Restocking Fee Fueled Lawsuit
In U.S. District Court, the Eastern District of New York was recently asked to look at the issue of whether website terms and conditions could be binding on a customer who purchased from Overstock.com, the online retailer. In Hines v. Overstock.com, the customer initiated a class action suit against Overstock.com because she was charged a $30 restocking fee for returning the items she had purchased from the website. The restocking fee was clearly set forth in the terms and conditions, which were available on the website. The terms and conditions also stated that “Entering this Site will constitute your acceptance of these terms and conditions.” In addition, the terms and conditions contained a “choice of law clause,” by which the parties agreed to be subject to arbitration in Utah.
The federal judge refused to dismiss the case. The judge determined that the case could proceed in New York because Overstock.com did not demonstrate that customers had notice of the terms and conditions, or that a reasonable user of the website would have had notice of the terms and conditions.
How to Make Website Terms and Conditions Binding
In order to be binding, a contract requires a “meeting of the minds” and “a manifestation of mutual assent.” The judge in the Overstock.com case determined that because of the following factors, the customer, or any other user of the website, would not be on notice of Overstock.com’s terms and conditions:
- The link to the terms and conditions was at the bottom of the page “below the fold”;
- The user was not required to scroll past the link to the terms and conditions in order to complete a transaction on the website; and
- The user was not required to take any affirmative action to agree to the terms and conditions (i.e., a “browsewrap” agreement was used).
Overstock.com was unable to prove to the Court that its customers received actual or constructive notice. The Court concluded that a user of the website did not necessarily have to see the link to the terms and conditions in order to interact with the website or complete a transaction on the website. Therefore, none of its terms and conditions is binding on its customers, and its request to move the case to Utah was denied.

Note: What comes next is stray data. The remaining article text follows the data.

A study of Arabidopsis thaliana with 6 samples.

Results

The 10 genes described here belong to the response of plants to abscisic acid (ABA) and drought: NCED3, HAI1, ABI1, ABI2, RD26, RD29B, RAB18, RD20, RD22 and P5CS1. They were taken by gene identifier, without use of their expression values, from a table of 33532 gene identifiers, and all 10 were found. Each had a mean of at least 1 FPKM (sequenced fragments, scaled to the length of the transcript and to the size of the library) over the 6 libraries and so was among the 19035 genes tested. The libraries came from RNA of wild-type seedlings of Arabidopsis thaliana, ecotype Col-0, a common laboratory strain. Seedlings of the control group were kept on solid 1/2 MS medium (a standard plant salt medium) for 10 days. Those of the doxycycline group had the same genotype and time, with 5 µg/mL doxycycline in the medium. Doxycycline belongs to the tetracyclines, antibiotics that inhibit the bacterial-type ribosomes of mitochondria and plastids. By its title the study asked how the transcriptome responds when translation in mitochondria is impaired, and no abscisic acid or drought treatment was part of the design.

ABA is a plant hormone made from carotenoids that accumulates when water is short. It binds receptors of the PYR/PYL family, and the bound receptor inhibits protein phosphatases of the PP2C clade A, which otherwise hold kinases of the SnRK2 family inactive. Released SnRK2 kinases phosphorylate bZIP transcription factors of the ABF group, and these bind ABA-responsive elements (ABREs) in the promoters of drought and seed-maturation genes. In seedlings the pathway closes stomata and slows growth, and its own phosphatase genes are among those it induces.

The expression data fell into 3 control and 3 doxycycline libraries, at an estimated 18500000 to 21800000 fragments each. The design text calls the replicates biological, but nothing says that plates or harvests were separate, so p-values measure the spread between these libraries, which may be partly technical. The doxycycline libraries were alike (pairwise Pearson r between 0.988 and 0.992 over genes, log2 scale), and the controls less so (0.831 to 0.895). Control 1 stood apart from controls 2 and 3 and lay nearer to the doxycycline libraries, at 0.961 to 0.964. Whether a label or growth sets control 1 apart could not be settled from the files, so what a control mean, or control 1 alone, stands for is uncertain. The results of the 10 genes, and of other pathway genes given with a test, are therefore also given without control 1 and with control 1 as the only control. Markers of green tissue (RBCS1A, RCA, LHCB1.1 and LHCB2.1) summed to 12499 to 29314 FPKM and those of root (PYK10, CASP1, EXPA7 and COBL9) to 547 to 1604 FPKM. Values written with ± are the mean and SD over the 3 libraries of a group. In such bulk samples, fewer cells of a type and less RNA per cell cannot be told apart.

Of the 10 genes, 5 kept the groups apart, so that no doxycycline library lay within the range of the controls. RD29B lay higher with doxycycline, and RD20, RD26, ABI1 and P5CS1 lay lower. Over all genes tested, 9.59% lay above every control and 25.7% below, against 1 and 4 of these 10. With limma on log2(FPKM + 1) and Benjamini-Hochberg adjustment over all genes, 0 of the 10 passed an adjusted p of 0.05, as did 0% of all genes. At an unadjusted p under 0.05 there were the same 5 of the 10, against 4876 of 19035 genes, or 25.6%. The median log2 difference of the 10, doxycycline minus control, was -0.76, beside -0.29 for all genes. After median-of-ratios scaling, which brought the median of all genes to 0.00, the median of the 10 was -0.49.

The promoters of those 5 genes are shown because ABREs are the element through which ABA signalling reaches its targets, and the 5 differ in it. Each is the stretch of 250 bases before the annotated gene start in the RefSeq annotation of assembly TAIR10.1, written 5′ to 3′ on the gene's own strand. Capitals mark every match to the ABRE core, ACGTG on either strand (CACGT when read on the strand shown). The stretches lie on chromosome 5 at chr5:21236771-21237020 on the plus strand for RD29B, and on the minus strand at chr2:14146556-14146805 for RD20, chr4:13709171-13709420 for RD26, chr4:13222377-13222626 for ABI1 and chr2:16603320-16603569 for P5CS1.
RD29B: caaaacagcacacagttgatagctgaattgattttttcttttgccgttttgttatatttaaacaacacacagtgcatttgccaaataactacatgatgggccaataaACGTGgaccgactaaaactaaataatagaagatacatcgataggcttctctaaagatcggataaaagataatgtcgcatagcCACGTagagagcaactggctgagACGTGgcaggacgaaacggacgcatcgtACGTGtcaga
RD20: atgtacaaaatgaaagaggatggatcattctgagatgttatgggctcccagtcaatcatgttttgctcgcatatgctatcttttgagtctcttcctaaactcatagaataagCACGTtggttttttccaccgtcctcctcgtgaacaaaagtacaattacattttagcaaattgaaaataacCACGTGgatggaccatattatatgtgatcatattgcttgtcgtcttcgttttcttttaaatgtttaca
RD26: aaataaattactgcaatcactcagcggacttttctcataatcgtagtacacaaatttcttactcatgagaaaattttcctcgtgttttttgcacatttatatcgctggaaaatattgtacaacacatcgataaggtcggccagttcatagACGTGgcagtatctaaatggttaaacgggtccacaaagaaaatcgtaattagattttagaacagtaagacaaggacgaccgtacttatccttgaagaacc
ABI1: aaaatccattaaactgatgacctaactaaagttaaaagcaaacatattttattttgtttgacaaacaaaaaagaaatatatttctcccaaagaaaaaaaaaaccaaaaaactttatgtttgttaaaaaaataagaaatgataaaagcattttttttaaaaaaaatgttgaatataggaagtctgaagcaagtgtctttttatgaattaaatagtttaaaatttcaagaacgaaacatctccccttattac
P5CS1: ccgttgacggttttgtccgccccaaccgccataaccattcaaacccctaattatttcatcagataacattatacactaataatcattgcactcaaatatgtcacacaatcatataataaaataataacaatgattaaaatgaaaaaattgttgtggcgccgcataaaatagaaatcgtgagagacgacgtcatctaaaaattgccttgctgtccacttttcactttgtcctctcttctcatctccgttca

Checking a Box Creates Enforceability
Using terms and conditions on your website will give you protection if they are used properly. The Eastern District of New York recently decided in Scherillo v. Dun & Bradstreet, Inc. (February 2010) that the terms and conditions used on the Dun & Bradstreet website were binding on the user who checked a box agreeing to be bound by such terms even though he never actually read the terms. The Court stated that “A person who checks the box agreeing to the terms and conditions of a purchase on an internet site without scrolling down to read all of the terms and conditions is in the same position as a person who turns to the last page of a paper contract and signs it without reading the terms–namely, the clause is still valid.”
Using terms and conditions is key on websites because of the broad customer base. In both of these cases companies were trying to defend against lawsuits in other states. Overstock.com must fight its case in New York because it did not properly place its terms and conditions to give notice to customers. Mr. Scherillo was required to click a box to agree to Dun & Bradstreet’s terms. Therefore, he will lose his home state advantage in New York, and must sue in Dun & Bradstreet’s home state.
Requiring some affirmative action to agree to your terms and conditions is the best way to make sure your customers have proper notice of your website’s terms and conditions. By taking simple steps to give customers notice, you can avoid the costly the mistakes made in the Overstock.com case. This may also help you avoid getting sued for breach of contract and fraud based on your website’s terms.